A score of Classics
Although final figures are not in yet, it appears this year’s edition of the St. James School fundraiser, which ran Friday, March 8, through Sunday, March 11, topped those of previous years by a substantial margin.
“This was the busiest Sunday I have ever seen,” said volunteer Rebecca Hoffarth. “We are very excited.”
Volunteer Daisy Amerson said you could feel energy in the crowd.
“People seemed really into the whole thing,” she said. “For me, it’s been fun just being here.”
The two remarked on the interest shown in wines and the fact people had the name Methven Gamay Noir, the event’s best of show winner, on the tips of their tongues.
“It was also a treat to be part of selecting the Co-Chair’s Personal Choice,” Amerson said. “It was a port — the Honeywood Black Forest Red.”
Another wine highlight was the 20th Anniversary Label, a 2011 pinot noir crafted especially for the classic by Kramer Vineyards.
The Gaston winery has participated in the event every year since its inception. Joining it for the 2013 Classic were 77 other Oregon wineries representing every winegrowing region in the state.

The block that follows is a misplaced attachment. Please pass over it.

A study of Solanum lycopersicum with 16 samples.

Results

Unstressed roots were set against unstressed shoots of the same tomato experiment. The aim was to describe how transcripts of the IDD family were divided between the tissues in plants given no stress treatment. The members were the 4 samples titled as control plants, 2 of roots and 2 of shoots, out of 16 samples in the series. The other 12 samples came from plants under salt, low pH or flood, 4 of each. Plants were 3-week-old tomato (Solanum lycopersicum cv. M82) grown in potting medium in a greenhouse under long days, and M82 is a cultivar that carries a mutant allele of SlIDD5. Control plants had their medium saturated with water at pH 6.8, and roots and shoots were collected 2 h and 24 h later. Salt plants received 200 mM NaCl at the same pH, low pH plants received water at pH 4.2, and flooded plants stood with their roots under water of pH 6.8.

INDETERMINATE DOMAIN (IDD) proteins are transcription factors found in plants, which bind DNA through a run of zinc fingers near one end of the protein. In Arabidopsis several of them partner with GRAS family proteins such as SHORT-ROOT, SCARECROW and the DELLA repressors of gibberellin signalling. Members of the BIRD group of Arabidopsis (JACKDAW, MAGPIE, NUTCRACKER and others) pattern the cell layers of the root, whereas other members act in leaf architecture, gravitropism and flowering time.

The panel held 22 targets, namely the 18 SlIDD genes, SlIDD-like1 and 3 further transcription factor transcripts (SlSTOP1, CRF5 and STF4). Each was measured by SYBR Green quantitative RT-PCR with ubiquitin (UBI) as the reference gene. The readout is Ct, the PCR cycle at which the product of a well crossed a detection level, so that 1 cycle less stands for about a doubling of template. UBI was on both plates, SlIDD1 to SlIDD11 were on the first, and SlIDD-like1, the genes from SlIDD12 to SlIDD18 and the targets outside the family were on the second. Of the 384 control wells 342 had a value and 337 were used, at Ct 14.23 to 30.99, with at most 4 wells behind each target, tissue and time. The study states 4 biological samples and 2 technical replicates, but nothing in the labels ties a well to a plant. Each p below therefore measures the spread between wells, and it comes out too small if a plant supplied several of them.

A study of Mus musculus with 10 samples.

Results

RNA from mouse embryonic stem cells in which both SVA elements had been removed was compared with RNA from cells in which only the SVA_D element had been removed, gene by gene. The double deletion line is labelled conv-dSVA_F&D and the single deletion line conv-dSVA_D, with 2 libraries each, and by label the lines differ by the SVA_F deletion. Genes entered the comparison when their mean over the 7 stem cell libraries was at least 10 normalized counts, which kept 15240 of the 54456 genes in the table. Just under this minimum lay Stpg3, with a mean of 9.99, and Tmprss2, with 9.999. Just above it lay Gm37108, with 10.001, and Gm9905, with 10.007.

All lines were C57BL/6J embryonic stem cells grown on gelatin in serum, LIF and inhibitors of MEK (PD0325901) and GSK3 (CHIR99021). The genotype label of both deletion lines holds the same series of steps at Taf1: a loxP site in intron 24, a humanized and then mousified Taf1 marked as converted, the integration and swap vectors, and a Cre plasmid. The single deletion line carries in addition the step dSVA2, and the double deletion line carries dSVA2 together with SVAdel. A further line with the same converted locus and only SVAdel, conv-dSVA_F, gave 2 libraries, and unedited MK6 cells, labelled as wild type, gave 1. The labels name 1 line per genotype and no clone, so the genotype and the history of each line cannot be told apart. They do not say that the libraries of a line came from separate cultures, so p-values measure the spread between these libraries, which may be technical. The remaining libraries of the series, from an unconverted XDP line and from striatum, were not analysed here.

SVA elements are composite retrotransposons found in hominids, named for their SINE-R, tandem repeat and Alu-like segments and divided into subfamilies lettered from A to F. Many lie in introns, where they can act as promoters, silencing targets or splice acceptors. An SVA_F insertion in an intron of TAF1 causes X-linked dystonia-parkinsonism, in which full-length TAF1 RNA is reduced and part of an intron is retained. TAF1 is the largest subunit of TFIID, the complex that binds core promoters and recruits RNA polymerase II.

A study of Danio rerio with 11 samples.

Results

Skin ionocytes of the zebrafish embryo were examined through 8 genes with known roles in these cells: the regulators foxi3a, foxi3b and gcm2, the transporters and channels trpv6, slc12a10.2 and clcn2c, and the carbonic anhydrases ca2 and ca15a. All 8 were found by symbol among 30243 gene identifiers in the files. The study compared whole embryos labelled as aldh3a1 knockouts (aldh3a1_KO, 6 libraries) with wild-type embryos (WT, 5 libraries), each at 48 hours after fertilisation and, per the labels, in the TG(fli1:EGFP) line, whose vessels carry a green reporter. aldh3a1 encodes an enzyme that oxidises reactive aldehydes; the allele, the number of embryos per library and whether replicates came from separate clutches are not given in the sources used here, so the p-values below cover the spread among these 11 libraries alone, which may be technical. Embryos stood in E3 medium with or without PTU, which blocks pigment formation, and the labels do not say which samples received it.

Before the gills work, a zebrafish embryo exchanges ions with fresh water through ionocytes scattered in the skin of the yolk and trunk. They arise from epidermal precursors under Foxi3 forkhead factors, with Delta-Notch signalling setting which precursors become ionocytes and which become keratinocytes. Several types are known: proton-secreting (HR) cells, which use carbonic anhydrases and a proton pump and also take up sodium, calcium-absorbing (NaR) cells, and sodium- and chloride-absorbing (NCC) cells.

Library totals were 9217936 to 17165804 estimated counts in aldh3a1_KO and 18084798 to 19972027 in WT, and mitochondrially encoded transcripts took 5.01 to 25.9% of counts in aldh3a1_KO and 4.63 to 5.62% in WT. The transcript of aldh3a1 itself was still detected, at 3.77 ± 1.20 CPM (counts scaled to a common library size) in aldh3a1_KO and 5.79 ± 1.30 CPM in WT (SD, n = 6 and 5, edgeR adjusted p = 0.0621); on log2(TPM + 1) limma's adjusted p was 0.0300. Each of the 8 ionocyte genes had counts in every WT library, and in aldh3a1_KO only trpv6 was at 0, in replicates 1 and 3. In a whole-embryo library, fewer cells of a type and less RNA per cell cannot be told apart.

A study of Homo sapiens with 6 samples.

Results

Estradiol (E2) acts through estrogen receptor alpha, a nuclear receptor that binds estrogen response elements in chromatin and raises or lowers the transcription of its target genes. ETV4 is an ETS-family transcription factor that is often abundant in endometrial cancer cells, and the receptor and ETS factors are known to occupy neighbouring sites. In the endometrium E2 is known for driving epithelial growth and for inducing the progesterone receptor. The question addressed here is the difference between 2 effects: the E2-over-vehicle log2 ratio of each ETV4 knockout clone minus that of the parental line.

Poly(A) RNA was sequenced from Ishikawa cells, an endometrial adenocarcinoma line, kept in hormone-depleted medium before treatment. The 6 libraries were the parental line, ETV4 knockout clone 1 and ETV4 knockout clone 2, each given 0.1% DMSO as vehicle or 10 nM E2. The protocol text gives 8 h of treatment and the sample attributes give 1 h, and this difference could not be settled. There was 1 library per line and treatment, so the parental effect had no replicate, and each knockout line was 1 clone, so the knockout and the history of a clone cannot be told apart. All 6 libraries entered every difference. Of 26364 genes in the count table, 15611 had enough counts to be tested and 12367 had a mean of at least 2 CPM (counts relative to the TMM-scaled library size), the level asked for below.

In addition to the home region of Northwestern Oregon, Southern Oregon’s Rogue and Umpqua Valleys, the Columbia River Gorge and the Walla Walla Valley were all represented.
Complementing this special opportunity to taste wines from so many smaller producers were 20 food vendors whose offerings ranged from crab and oysters to truffles and cheese.
Local notable Steve Bernards, co-founder and avid supporter of the classic, displayed his finest salesmanship skills hawking oyster shooters at the St. James School booth.
The nationally award-winning wheys of the Willamette Valley Cheese Company included its divine Perrydale, Boerenkaas and Brindisi. And you could spread them on Amity’s Blue Raeven baked goods.
An enthusiastic gentleman from West Salem, who preferred to be identified only as Joe, said he hadn’t been to the classic in four years and couldn’t believe how much better it had become.
“I enjoyed it when I came before,” he said. “But this time there was even more and better.”
Among improvements would have to be addition of Native Wine Racks, supplying one-of-a-kind wine bottle holders shaped from stone by Troy Turner of Fairview.
Debra Collada of the Cubanisimo Winery quickly snapped one up. She had it on display at her booth.
“It’s as much a piece of sculpture as a wine rack,” she said.
Turner was just one of 38 artists showing original examples of painting, pottery, glassblowing, woodworking, fashion designing, hat production and so forth.
So it went at the 20th annual McMinnville Wine & Food Classic, by all accounts the biggest and best yet.